Data on referral source provides insight to the evolution of a program’s case finding and indirectly assesses the performance of the program’s outreach workers. In general, a program that has good community mobilisation and awareness raising, it can be expected that source of referrals will start out as predominantly referrals coming from outreach workers and then slowly evolve into more self-referrals later on in programme implementation.
Data on referral source can be collected from the outpatient care treatment cards and recorded using a tally sheet.
Analysis of data
Pareto chart is the ideal graphical approach to analysing referral source data. A
Pareto chart is a specialised bar chart that presents factors or causes of a problem or issue in decreasing severity. A similar approach using a tally sheet to collect and tabulate data as with the time-to-default or admission MUAC can be applied to creating a
Pareto chart. The first column of the tally sheet will be for the list of referral sources while the second column will be filled out with the respective tally of each referral source based on the beneficiary records. However, to create a
Pareto chart, an additional step of sorting the referral sources by order of their respective tally from the most common to the least common is needed. Once sorted, the tally sheet can be re-created with the most common referral source at the bottom of the list and the least common referral source at the top of the list and then the corresponding hash counts entered into the second column. The
Pareto chart can be created using a spreadsheet or a statistical package by creating a bar chart from the sorted data (from most common to least common) of referral sources. Figure 1 is a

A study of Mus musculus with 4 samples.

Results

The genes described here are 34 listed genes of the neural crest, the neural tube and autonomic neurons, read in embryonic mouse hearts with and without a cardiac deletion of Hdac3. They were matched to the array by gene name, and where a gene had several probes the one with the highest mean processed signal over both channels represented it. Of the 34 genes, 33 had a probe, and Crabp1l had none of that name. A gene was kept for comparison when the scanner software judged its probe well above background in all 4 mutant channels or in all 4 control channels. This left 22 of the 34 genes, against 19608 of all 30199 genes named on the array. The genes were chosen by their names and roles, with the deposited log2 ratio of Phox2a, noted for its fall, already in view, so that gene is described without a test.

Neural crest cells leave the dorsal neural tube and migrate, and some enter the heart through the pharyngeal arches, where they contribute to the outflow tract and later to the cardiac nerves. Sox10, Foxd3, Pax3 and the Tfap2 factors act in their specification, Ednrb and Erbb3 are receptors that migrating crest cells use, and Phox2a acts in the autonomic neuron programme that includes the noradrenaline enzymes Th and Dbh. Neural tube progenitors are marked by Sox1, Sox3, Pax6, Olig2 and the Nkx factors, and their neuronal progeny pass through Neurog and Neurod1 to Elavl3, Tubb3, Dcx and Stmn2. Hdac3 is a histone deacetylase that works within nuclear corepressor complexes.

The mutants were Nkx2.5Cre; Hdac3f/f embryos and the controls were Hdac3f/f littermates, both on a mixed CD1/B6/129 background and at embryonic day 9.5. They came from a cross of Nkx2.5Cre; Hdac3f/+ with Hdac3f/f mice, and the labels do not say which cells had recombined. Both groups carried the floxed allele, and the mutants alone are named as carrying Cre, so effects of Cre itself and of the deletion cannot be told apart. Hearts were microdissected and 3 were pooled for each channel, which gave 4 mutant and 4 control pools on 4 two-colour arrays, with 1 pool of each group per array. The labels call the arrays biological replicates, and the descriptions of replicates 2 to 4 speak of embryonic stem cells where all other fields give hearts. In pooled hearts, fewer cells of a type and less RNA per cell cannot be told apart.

Pareto chart created using a spreadsheet.
Data courtesy of World Vision Kenya
If the program is getting majority of its referrals from volunteers, this can be taken as an indicator of high outreach workers activity. On the other hand, if the programme is admitting more self-referrals, this can be understood as the awareness amongst the community regarding the programme is so widespread that mothers or carers are coming to the clinics on their own to access services. It should be noted that an increase in self-referrals in comparison to outreach workers’ referrals should not be taken to mean as a decrease in outreach workers’ activity. In fact an increase in self-referrals, which is said to be by-product of the increase in awareness of mothers and carers, can be seen as a result of the community sensitisation and mobilisation activities done by active outreach workers. This would mean that data on referral source should be analysed in the context of the current phase of the program being investigated and should be triangulated to other measures of outreach workers’ performance and level of activity.
The program described by Figure 1 above is already a well-established program that has been running for more than 2 years and over this period have consistently shown good outreach workers’ performance with regard to case-finding. Hence, the pattern of referrals shown in Figure 1 reflects a strong level of outreach workers’ activity and a general increased awareness of the program by the mothers and carers.